Choosing an outfit teaches us a lot about choosing our meals. I mean, think about it. When you choose an outfit to wear, there are a lot of things to consider.

One of the most common questions I get asked is:

"If I don't use a diet or some other external 'system' of eating (e.g., Paleo, the Mediterranean diet, etc.) to decide what I should eat, how should I decide?"

This is a complex question to answer, but one of the most useful metaphors I've found for explaining the process to clients is this:

Choosing an outfit teaches us a lot about choosing our meals.

I mean, think about it.

When you choose an outfit to wear, there are a lot of things to consider:

  • What's the weather like? Do you need a sweater to keep you warm, or a sundress to keep the air flowing?

  • What kinds of activities will you be doing today? Should you wear pants so you can do jumping jacks and scale mountains, or a mini skirt so that you can look hot at da' club?
  • What kind of clothes do you like? Which ones are aesthetically pleasing to you? It doesn't matter if an outfit is generally agreed to be "fashionable" or "appropriate" -- you won't feel amazing in it if it doesn't appeal to you.
  • What clothes do you have in your closet right now? Sure, I fantasize about a certain Oscar de la Renta lace-trimmed black cocktail dress, but that's not gonna happen in my near future. So I've got to work with what I have.
  • Similarly, when you choose what to eat, there are many different factors to consider:

    • What is the weather like? Is it a hot day, so cold food would be refreshing? Or would hot food warm you up on a snowy afternoon?

  • What kinds of activities will you be doing today? Do you need a bunch of protein to power you through a tough workout? Or would a cappuccino and a pumpkin muffin best fuel a leisurely morning spent reading the paper?
  • What kinds of foods do you like? Which ones are tasty to you? It doesn't matter if a food is generally considered to be nutritious or delicious. If you don't like eating it and it doesn't feel good in your body, don't bother (you'll just end up grazing more, in an attempt to feel satisfied).
  • What food do you have in your kitchen or nearby, right now? Look, I also fantasize about that perfect almond pastry that I've only bought from a stand at a Parisian farmer's market, near the Bastille. But am I going to get that on a regular Tuesday morning? Probably not.
  • I think this is particularly important because so many people -- particularly if they are frustrated with their eating -- try to focus only on the more "practical" elements of eating: Food is only for nourishment! It's not about pleasure!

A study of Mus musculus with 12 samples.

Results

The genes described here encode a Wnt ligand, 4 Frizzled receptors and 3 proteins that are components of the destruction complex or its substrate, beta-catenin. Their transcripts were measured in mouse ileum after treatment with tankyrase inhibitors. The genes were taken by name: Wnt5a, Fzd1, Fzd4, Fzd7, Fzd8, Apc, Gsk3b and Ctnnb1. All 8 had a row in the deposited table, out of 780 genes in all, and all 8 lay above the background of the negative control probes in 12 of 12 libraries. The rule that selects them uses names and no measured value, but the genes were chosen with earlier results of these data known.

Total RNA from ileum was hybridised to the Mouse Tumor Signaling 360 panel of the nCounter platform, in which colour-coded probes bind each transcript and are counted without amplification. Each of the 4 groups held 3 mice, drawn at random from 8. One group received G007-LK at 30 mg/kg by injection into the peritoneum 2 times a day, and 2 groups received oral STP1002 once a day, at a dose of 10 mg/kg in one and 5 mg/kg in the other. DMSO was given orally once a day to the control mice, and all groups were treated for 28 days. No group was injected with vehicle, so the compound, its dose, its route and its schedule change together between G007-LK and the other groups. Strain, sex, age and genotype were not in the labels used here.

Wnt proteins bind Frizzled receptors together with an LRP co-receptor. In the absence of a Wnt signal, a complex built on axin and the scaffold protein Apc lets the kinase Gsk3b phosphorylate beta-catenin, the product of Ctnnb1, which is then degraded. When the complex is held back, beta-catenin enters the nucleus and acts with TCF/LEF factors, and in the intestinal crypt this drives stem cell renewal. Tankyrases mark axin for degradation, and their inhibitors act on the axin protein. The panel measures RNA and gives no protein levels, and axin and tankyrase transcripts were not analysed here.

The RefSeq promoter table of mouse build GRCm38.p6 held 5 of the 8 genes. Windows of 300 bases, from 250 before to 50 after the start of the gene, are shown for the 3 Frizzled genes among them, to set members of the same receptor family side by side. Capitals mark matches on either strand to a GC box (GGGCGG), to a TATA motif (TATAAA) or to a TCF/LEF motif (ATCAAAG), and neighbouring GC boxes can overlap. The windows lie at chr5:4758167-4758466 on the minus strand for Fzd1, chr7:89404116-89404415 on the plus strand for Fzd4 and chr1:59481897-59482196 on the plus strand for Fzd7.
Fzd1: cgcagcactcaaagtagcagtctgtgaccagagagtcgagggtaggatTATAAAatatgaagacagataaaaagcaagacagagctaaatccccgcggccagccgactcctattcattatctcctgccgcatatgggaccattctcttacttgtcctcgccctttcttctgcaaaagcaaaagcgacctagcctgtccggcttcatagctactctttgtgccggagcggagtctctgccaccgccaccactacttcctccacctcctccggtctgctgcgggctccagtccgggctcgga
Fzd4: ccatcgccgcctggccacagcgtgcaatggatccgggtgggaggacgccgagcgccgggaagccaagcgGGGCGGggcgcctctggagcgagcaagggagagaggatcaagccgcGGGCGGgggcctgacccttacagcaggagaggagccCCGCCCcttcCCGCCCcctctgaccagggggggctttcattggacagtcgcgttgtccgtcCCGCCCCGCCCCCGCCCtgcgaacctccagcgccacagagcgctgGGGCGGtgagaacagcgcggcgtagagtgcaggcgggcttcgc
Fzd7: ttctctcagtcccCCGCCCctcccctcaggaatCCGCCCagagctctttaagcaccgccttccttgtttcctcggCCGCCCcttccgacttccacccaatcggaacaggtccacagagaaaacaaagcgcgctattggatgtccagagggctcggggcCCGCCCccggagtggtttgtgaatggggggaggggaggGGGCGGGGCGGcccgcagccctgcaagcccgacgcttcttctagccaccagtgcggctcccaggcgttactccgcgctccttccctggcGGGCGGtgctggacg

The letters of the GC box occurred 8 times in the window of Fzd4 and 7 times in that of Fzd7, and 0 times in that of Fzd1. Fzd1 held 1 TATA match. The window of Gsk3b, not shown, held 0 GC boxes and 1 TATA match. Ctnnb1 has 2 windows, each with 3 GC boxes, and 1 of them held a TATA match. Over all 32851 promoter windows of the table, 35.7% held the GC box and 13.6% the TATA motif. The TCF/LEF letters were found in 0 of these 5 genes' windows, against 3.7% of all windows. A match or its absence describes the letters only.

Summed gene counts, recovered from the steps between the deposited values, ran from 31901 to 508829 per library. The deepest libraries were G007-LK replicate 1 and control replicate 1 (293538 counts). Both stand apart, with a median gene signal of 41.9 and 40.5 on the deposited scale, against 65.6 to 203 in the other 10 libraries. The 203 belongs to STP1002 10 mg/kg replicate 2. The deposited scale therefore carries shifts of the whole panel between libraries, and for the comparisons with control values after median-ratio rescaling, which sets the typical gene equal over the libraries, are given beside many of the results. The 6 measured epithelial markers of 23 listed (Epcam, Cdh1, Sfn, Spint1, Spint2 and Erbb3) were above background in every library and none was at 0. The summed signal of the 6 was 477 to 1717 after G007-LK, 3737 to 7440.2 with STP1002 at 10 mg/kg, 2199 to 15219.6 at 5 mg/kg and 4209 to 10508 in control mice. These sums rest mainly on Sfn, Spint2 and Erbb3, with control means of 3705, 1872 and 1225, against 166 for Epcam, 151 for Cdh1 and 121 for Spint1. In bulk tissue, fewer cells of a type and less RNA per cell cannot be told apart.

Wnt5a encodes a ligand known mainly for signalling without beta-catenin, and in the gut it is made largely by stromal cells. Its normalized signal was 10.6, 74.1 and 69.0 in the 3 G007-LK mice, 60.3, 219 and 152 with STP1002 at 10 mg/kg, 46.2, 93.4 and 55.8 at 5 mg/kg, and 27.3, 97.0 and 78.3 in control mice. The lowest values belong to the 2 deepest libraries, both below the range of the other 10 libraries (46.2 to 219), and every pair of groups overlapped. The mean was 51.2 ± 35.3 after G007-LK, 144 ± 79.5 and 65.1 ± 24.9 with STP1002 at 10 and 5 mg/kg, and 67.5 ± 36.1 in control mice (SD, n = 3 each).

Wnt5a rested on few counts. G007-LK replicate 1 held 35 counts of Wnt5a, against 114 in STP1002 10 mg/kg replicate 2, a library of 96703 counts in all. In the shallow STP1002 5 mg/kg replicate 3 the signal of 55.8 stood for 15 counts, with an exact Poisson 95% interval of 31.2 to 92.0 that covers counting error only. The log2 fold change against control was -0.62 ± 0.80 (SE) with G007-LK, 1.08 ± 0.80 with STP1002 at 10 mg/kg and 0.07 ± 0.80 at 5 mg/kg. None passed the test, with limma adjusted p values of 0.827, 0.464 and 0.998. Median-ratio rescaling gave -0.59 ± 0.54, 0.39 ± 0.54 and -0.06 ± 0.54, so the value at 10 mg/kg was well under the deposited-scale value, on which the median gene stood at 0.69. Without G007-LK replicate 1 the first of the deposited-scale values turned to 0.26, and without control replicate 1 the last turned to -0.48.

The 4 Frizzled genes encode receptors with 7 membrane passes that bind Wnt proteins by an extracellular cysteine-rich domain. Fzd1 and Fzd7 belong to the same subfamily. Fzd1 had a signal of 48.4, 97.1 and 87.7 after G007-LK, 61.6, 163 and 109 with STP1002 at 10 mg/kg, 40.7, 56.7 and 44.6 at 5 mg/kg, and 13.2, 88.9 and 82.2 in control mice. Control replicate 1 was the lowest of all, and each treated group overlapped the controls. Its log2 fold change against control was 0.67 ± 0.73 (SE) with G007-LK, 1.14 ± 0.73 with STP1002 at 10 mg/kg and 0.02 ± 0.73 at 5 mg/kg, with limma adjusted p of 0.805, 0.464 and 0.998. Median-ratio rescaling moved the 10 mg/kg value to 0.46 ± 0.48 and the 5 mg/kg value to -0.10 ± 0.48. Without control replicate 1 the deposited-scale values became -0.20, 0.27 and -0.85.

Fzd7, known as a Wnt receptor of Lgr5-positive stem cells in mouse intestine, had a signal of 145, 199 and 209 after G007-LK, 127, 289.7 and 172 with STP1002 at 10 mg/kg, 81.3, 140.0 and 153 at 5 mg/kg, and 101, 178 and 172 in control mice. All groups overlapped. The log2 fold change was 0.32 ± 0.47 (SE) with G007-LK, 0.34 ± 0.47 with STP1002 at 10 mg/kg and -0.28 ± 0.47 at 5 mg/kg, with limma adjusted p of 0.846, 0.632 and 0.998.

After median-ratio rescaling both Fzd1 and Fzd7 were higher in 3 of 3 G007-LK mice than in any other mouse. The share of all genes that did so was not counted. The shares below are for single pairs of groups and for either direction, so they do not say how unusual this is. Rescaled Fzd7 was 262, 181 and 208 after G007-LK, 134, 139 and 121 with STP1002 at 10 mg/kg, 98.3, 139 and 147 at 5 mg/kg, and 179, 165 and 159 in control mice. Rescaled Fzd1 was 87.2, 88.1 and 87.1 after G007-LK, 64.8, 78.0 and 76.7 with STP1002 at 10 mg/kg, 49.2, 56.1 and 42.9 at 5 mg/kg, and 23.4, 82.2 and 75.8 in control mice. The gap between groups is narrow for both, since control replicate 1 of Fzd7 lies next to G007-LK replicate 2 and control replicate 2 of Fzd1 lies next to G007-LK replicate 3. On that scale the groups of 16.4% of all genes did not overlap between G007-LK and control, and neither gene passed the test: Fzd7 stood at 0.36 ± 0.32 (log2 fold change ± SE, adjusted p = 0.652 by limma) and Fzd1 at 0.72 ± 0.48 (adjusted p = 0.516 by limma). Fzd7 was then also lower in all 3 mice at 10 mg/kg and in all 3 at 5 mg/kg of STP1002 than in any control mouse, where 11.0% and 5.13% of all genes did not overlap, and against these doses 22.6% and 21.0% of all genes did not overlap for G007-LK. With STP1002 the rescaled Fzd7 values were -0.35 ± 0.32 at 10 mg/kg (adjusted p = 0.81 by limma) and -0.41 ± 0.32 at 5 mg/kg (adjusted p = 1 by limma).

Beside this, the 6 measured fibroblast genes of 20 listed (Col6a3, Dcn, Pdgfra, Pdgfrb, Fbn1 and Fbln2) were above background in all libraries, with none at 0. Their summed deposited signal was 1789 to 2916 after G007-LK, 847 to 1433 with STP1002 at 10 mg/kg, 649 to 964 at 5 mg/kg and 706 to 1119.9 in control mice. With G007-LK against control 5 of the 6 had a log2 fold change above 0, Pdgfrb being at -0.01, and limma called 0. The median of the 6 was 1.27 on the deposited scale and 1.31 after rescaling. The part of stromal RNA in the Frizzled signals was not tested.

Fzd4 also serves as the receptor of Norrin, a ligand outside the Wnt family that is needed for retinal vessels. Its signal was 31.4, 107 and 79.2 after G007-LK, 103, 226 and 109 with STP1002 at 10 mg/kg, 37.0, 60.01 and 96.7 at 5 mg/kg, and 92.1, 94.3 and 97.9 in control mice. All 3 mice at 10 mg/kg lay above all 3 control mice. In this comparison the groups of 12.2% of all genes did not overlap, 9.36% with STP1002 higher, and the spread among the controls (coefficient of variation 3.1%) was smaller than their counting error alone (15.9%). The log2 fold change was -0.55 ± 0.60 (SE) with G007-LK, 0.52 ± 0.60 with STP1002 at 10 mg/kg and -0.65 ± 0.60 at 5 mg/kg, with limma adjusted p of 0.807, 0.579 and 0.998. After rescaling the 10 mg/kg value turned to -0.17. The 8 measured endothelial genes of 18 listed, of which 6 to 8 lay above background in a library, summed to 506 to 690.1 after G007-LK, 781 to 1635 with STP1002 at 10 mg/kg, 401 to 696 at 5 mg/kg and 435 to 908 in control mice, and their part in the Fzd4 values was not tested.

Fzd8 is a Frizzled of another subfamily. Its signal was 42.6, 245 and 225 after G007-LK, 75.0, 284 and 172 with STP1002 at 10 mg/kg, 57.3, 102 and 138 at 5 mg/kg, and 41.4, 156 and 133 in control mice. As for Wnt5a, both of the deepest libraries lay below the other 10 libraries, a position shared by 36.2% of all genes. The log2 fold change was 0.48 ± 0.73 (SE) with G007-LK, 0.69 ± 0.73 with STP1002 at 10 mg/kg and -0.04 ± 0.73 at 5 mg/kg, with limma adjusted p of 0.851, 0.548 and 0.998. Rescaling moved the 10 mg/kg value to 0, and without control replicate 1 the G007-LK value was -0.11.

And then they get annoyed with themselves for wanting pleasure, as though they're doing something "wrong," or somehow being "bad."

    But think how silly that would be if someone told you that about clothes: You're not allowed to choose clothes that are pretty to you! All that matters is practicality!

    Of course, practicality matters quite a lot, but if you also care about aesthetics, there's also nothing wrong with that. Similarly, you can care about the taste and the nutritional content of food.


    When it's time to re-think everything

    I also think that fashion has something important to teach us about eating in the area of closet refreshes.

    Do you know what I'm talking about?

    That moment when you finally realize that that pair of jeans in your closet is just way too worn out and needs to be thrown away.

    Or a dress that felt very fashionable when you bought it in high school now looks young and cheap, so should really be donated to Goodwill.

    Similarly, there are moments when we need to accept that outdated ways of eating are no longer serving us.

    We might have loved eating meatloaf with peas and mashed potatoes when we were 10, for example, but now that meal doesn't make us feel good. Or chicken and vegetables might have been our favorite delicious, healthy dinner when we started eating it, but now it feels tired and boring.

    Is it time for you to rethink your eating habits? Are you still eating the food your parents served in your childhood home, or the foods you ate as a college student or 20-something?

    There comes a time in all of our lives when we need a closet refresh.

    And we occasionally need the same thing in our eating, too.

    For me, this really has to do with the narratives we tell ourselves about what we eat or what we wear. "Oh, I'm someone who could never pull off a crop top" or "I'm someone who could couldn't possibly wait until 11 a.m. to eat my breakfast."

    We have all these stories we tell ourselves about what we want, what we don't want, what is appropriate, and more -- with our clothes, with our food, and beyond. But are they really true? How do you know? Could you try it as an experiment, and see?

    You might surprise yourself.



    If you're struggling with an eating disorder, call the National Eating Disorder Association hotline at 1-800-931-2237.